Located almost a kilometre off the highway connecting Bhopal with Sagar, Singhpur is a small village of about forty houses. Barring three families, the village consists entirely of Gond tribals. Most of the families do own land but still end up working as labourers. Reason: lack of money to buy the "inputs" for their farms and also sustain themselves from the sowing to the harvesting season. Every year, rich landowners from the nearby villages strike agreements with them whereby the former takes care of inputs like seeds and fertiliser and the latter work the land—with the produce being shared equally by both. However, with deductions in the name of "interest" and other real and imagined expenses adding up to a bit, the tribal land owners are left with barely 10-20 per cent of the produce, which doesn’t leave much money for the following year.
Determined to get out of this rut, five women from the village decided to form a "common interest group". Inspiration came from Rais Khan, the local coordinator of the District Poverty Implementation Plan, a World Bank-aided anti-poverty programme. Group members pooled their resources to collect Rs 2,800 and they got a grant of Rs 38,000 under the programme to start growing vegetables. A one-acre plot of land, complete with well and irrigation pump, was taken on a one-year lease for Rs 5,000 and the venture got going.
Six quintals of potatoes were sown with an investment of Rs 10,000. The yield was poor, largely due to some of the plants getting a disease. The 80 bags harvested yielded only Rs 11,500—a profit of Rs 1,500 not taking into account the labour the group members put in. The next crop of ladyfinger and onion yielded a surplus of only Rs 200. Nonplussed, the group decided to deposit the entire amount into their bank account, keeping nothing for themselves and plunged into a third attempt. "Kheti mein toh yeh sab chalta hai (When you’re farming, all this happens)," a group member said, keeping up spirits.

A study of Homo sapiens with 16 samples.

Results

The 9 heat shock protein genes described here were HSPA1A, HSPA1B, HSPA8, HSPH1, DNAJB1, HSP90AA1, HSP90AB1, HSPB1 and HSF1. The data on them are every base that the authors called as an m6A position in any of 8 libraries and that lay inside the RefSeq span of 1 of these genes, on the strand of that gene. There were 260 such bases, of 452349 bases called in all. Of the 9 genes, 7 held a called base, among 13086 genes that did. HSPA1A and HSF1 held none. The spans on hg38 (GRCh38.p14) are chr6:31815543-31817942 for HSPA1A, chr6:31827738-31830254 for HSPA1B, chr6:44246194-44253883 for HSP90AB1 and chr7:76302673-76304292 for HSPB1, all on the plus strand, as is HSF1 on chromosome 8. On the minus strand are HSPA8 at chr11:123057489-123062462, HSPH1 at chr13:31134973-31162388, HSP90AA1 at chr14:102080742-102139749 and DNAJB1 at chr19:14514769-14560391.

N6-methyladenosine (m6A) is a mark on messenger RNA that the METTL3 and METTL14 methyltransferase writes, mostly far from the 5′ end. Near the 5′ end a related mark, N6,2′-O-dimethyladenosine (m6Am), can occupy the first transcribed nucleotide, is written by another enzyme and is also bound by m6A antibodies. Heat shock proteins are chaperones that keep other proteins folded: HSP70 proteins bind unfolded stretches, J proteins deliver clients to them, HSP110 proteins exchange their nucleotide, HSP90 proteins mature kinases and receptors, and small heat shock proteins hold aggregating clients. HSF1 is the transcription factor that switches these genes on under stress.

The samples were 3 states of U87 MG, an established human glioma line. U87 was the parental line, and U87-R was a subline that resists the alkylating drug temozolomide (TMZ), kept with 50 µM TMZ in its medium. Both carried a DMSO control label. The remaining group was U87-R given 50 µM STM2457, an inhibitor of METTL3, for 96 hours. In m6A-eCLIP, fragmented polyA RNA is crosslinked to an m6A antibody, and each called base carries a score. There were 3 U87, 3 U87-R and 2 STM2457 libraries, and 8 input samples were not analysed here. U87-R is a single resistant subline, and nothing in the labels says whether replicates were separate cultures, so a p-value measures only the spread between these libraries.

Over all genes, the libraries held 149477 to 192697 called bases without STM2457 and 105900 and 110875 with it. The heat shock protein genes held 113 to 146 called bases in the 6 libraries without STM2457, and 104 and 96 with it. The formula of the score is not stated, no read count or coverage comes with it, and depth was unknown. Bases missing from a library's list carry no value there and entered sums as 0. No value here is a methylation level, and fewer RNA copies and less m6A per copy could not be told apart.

That was last year. This time, they are growing ginger and groundnuts and if all goes well, they hope to earn at least Rs 40,000. "Last time round, they sold off their produce in a nearby mandi, where they got a lesser price than they would have at a bigger place. But then, transport became a problem. We consciously did not interfere. We allowed them to take their own decisions...let them learn from their mistakes," says Khan.
And the women have learned well. They are happy now in the knowledge that they’ve become self-sufficient, not even cowing down to threats from the zamindars. "Iske pehle maine bank nahi dekha tha (I had never seen a bank earlier)," admits Dhanna Bai, who accompanied the coordinator and others to a regional rural bank branch, eight km away, to open an account of their group. The menfolk aren’t complaining either. "Ab toh yeh seth ho gayi hai. Yeh paisey ginengi. Main chai banaoonga (Now she’s become a seth. She will count money. I will prepare tea)," says Tara Bai’s husband jokingly.
The group members have big plans for the future. "After this crop, we will buy more land and that will make our efforts more profitable," says Shakun Bai. To find out more about these enterprising women, contact: Tara Bai, president, Bhola Bhandari Sabzi Utpadan Samhit Samiti, Singhpur, Deori tehsil, Sagar district, Madhya Pradesh.